They look glorious in a vase, but flower farmer Charlotte Tombs is also learning how our garden flowers provide for the table too
Flowers that you can eat! Perfect in my book – and if you grow your flowers from seed, you know exactly what’s on them. For me that means I know there’s no pesticides and no nasties … but perhaps the odd greenfly …
Do note, there are many edible flowers and, as with all foraged food, you do need to be 100 per cent certain what it is that you have picked!
Most people know about the common garden nasturtiums – they are deliciously peppery in flavour. The flowers look wonderful on a plate, and you can add the leaves to a salad or make them into a pesto. The seed pods stored in vinegar can be a replacement for capers.
Calendula petals are also slightly peppery and can elevate a green salad into a work of art (calendula is also used for its herbal properties, made into soothing balms and lotions).
Cornflowers have a peppery-clove aroma with a mild sweet spice flavour – add them to a salad, and they are also delicious dried and used as a tea.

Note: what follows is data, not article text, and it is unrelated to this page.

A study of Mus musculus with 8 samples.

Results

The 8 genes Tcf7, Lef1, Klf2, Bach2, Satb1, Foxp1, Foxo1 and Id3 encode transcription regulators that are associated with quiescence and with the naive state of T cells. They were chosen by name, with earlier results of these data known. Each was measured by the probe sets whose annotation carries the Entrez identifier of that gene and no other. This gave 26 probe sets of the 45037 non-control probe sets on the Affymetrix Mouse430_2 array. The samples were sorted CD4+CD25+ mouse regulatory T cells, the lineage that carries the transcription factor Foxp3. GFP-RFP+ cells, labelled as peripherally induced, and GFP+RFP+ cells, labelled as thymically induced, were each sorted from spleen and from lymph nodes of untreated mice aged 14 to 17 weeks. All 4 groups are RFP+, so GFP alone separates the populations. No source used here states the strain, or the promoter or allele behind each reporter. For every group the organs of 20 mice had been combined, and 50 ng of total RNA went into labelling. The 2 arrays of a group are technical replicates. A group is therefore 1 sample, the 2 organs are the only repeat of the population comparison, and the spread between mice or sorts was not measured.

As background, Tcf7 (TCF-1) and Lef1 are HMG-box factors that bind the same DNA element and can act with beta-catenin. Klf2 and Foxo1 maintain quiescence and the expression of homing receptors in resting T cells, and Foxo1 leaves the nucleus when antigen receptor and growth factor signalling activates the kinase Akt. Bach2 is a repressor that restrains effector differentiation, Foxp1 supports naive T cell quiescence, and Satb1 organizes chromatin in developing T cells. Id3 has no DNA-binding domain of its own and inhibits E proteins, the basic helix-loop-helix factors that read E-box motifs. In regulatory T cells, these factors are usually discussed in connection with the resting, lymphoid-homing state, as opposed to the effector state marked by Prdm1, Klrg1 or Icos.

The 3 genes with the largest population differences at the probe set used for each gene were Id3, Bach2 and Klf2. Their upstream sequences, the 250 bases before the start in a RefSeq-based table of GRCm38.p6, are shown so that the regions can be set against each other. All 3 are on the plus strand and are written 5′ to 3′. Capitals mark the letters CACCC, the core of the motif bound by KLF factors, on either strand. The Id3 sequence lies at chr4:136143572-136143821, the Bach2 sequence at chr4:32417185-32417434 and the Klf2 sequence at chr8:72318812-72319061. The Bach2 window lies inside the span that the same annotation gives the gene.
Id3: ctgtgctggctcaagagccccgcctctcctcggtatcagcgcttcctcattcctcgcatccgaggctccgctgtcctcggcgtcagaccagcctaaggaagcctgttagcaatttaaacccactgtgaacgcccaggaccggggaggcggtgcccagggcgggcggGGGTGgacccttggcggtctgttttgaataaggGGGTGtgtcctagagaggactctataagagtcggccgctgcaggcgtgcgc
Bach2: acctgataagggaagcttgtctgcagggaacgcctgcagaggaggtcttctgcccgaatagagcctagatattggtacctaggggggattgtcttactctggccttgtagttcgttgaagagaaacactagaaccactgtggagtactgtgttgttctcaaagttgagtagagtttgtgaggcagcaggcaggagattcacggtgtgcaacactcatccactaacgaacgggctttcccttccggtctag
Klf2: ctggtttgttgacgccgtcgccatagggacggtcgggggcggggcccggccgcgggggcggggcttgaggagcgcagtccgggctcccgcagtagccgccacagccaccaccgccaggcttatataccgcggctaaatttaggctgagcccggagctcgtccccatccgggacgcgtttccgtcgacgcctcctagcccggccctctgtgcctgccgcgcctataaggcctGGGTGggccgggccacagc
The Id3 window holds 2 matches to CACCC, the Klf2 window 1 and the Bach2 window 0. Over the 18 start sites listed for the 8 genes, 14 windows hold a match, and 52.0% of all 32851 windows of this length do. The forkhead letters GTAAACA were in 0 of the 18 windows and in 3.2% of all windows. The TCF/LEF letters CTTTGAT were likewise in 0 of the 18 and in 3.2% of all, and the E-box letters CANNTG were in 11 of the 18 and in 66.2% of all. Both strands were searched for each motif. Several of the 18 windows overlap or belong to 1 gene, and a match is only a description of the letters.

Violas are probably one of my favourites to add to a green salad – with their little faces they just look so pretty!
For years chefs have used lavender to flavour sugar; my mother used to make lavender shortbread and there was always a jar of sugar with lavender heads in the larder. From personal experience I can confirm it is not very nice on your cornflakes in the morning!
Geranium flowers can also be used and the flavours tend to correspond to the scented leaves. Lemon geraniums are wonderful: try sprinkling them over cakes, they make an unassuming lemon drizzle cake oh-so-glamorous.
Chive flowers, coriander flowers, basil flowers … they can all be eaten. In fact, there are so many that once you start Googling, the list feels endless. I’ve just seen that dahlia tubers are edible, as are the flower petals. I’ll let you know how I get on with a tuber!
Charlotte offers workshops throughout the year – please see northcombe.co.uk for further details.